September 25, 2010, 08:19 PM
I just cast a few balls today from some scrap lead I bought. I took one of the balls and put it against a Hornaday lead ball that I usually shoot and crushed them together in a bench vice. The Hornaday ball was a little softer so I tried putting one of each in the cylinder with the on pistol lever. I got the cast one in but it took a little more effort. This brings up the next question.. When is a ball too hard to be good to shoot in the pistol?
September 26, 2010, 01:24 AM
I have never heard a satisfactory explanation as to why harder alloyed lead bullets leave more fouling when black powder is used -- but avoid leading when smokeless powder is used.
It must be traceable to the temperature at which either propellant burns, all other things being equal: bullet diameter, unpitted bore, etc.
I don't know why soft lead bullets avoid leading when black powder is used, but they do.
When is a ball too hard? That's a very subjective issue.
Myself, I learned years ago that best accuracy was obtained with cap and ball revolvers using soft lead: pure or nearly so. I once cast some .380-inch diameter balls of Linotype, to try in my Colt 1851 Navy.
It was very difficult to seat the ball on the powder. Leading became immediately apparent. Accuracy was markedly worse, from an average of 3 to 4 inches at 25 yards to about 10 or 12 inches.
I wasn't able to recover the balls (I only cast six) to examine how well the rifling grabbed them.
I've also tried balls cast of wheelweights. Accuracy was not as good as soft lead, but it would suffice if it's all you could get. Ramming was more difficult than with pure lead balls, but not as difficult with the Linotype.
In the 19th century, during the golden age of target shooting with black powder rifles, an alloy of 1 part tin to 20 parts lead was considered very hard. Today, it's considered moderate. I've cast bullets as hard as 1:10 for use with smokeless powder, but I'd never use a bullet that hard with black powder; not if I wanted to avoid leading, which adversely affects accuracy.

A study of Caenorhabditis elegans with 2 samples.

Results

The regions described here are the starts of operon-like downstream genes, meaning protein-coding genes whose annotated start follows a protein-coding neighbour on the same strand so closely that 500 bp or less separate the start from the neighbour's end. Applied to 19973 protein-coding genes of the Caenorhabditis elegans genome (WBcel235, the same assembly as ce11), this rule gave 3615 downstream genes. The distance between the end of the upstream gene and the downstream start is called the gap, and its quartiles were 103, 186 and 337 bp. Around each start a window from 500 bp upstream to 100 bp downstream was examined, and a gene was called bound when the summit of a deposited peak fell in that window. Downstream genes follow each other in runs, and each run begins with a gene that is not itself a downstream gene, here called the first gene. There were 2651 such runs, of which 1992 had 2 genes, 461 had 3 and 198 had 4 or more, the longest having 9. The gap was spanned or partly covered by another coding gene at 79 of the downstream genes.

In those old days, it was not unusual for competitors to use mixes of 1:30 or 1:40, which are approaching the softness of nearly pure lead.
When it comes to hard alloys in cap and ball sixguns, I'd be more concerned about damaging the loading lever from undue stress than leading. Some revolvers are not real high quality. You may bend the pivot screw on the rammer, such as on the 1851 Navy.
The 1860 Army has better leverage, owing to its creeping design. (It's late, I can't recall the official name for that lever design).
My Colt 2nd generation 1851 Navy is extremely well made with proper heat treatment throughout. A $200 revolver, assembled in a hurry and meant to be sold cheaply, may lack the strength for continued use of very hard balls.
If you can't use that hard alloy, perhaps you can sell it and apply the money toward properly soft balls. Sounds like it would be sufficient hardness to create bullets for more modern revolvers and perhaps semi-autos (which typically work best with a rather hard alloy, to ensure the bullet glides up the feed ramp and into the chamber without deformation).
I don't suggest you use that hard lead alloy for cap and ball revolvers.
In patched rifles it would be even more difficult to use. It's rather hard to push a hard, patched ball down the bore of a rifle. The ball resists allowing the rifling to push into it, through the patch.
Tried a hard alloy years ago in my CVA Mountain Rifle in .50caliber. I had to tap the ball down the bore with a hammer to get it seated on the powder charge.
There are sounds reasons for using dead-soft lead with black powder guns, it is not an affectation or just tradition.
September 26, 2010, 05:52 AM
When it comes to hard alloys in cap and ball sixguns, I'd be more concerned about damaging the loading lever from undue stress than leading.
I am thrilled to read this in your post. When I started shooting again, I loaded with the loading lever exclusively. Then I stopped to think about the stresses involved. That is when my quest for a press that would fit into my shooting box began.
I know...I know...These revolvers survived for a century while shooters loaded with the lever....I know.
But I have seen too many revolvers (both brass and steel) with loose arbors. The stress comes from shooting but if you load with the lever, it also comes from loading.
I never shoot with other people. I read only a little about shooting in books or magazines. My only source of new data is what I observe as I shoot and what I read in this and one other forum. But I think that those who minimize the effect of the stresses of loading with a lever are fooling themselves. I believe the tension placed on the arbor (open top revolver) could easily exceed three hundred pounds. I have a physicist on the faculty and he and I discussed the issue. He thinks the mechanical advantage of the loading lever is at least five.